Horse riders and homeowners are banding together for a showdown with developers who want to tear down a popular Atwater horse stable and build condominiums or apartments in its place.
The stable is one of several on the east bank of the Los Angeles River that are popular with horse owners because they are just a few minutes' ride, via a tunnel under the Golden State Freeway, to the nearly 60 miles of horse trails at Griffith Park. But over the years, about half the stables there have been demolished for residential development.
Parkview Apartments, a Los Angeles partnership, has applied for a zoning change that would permit construction of 60 to 80 apartments or condominiums on the Rigali Avenue site of the 60-year-old Los Feliz Stables, at the end of Garden Avenue. A public hearing on the matter is set for Tuesday morning at Los Angeles City Hall.
"I wish they would just leave us alone," said Jim Rosser, manager of the nearby Saddle and Sirloin horse club, "because this is history here."
The seven remaining stables in the neighborhood, most built during the 1920s and '30s, board more than 500 horses for people who live in nearby urban areas and saddle up mainly on evenings and weekends. Longtime riders fear that all the stables would eventually be turned into parking lots and apartments if zoning for the two-acre Los Feliz Stables property is changed from that permitting only agricultural uses to that allowing multiple-unit dwellings.
"I used to ride my bike down here when I was a kid and there were at least twice as many horse stables then as there are now," said Jane Shaw, 43, manager of Los Feliz Stables. She now leases the stables from the developers.
Some Atwater residents fear that the project will increase crime and traffic congestion. However, several other homeowners near the stables said they would prefer the asphalt and concrete of the apartments to the dust and horseflies of the stables.
Gary W. Neilsen, executive vice president of Parkview Apartments, said company officials want to build apartments because the stables are not profitable. Neilsen would not discuss the specifics of the finances other than to say that for the stables to remain, he would "probably have to more than double" the monthly lease, which Shaw said is about $2,500. Neilsen's firm owned and recently sold the 217-unit Los Feliz Village Apartments, which border the Los Feliz Stables on the east.
Shaw said she probably could not afford such an increase without making great personal sacrifices and substantially raising boarding fees, which run from $175 to $225 per month, about average for stables in the area.
However, she said she understood Neilsen's position.
"I don't blame him for trying to do something else," she said. "It's fair. But as long as he can try, then it's fair for me to try to see what I can do."
Ed Waite, president of the Atwater Homeowners Assn., has spearheaded a homeowners drive against the apartment construction by circulating petitions door-to-door and meeting with an aide to Los Angeles City Councilman Joel Wachs.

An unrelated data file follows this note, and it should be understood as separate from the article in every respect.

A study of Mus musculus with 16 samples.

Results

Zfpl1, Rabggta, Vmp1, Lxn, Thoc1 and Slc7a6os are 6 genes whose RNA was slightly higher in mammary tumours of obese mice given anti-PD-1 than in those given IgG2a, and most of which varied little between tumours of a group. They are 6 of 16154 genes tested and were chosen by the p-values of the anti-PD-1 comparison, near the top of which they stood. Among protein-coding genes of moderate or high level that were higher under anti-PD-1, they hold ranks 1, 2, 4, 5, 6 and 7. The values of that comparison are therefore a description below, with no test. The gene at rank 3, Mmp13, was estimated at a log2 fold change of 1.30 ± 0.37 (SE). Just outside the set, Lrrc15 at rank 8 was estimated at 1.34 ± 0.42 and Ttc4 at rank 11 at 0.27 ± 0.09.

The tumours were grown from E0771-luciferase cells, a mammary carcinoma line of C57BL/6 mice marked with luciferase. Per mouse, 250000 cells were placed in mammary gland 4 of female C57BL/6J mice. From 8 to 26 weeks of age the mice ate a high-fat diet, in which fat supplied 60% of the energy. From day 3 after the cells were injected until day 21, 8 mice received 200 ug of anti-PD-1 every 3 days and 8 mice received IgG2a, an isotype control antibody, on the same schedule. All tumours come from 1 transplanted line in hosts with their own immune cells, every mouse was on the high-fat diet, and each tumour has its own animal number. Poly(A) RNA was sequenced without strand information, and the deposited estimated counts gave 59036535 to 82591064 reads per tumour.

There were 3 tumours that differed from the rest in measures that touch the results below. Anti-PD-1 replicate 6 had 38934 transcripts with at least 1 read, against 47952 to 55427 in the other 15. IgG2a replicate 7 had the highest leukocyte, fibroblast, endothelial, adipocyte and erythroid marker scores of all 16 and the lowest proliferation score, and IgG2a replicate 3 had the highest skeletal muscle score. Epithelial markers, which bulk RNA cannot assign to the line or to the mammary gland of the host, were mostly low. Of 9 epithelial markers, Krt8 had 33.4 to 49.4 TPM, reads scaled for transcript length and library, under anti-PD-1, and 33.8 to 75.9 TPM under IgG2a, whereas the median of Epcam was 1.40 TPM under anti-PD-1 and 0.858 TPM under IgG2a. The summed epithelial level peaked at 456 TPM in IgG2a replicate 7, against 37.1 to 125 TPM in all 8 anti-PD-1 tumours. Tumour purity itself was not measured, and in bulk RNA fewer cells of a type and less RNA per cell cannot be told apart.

Traffic Problem Feared
"These streets are too narrow and can hardly support the traffic that is already there," Waite said.
Arline DeSanctis, a field deputy for Wachs who met with Waite and Shaw, said her office is taking no position on the zoning change at this time. "We're just watching it very closely to see what kind of impact this is having on the community," she said.
About 50 horse riders and homeowners gathered Tuesday night at the Griffith Park ranger station on Crystal Springs Drive for a meeting organized by the Griffith Park Horse Assn., which represents riders from Glendale, Burbank and Los Angeles.
Petitions were passed around as association president Dave Schmutz encouraged people to write to ask Wachs and members of the Planning Commission to attend Tuesday's hearing.
"It's only by going downtown and being vocal as hell that we can change something like this," he told the group. Schmutz said the association is planning to bus homeowners and horse riders to the hearing.
Some Dislike Stables
But there are those who would not mourn the disappearance of the stables.
"I'm kind of glad," said Joe Medel, who owns a Garden Avenue home that overlooks the stable property. "The flies and the dust are unbelievable. We get a breeze here in the mornings and in the evenings, and it gets everything covered with grime. Maybe if they kept the stable watered down it wouldn't be too bad."
Medel's next-door neighbor, Wanda Boggs, said, "When the wind blows, if I leave the windows open, it looks like a snowstorm in here. If I have the table set, I have to go wash the red grit off my dishes. The dust even gets in the cupboard. Our Jacuzzi has been empty for three years because we had to clean it so much, because it would just fill up with dirt that blew over from the stables."
Horse riders were successful in defeating several attempts to replace stables with apartment developments in the early 1970s.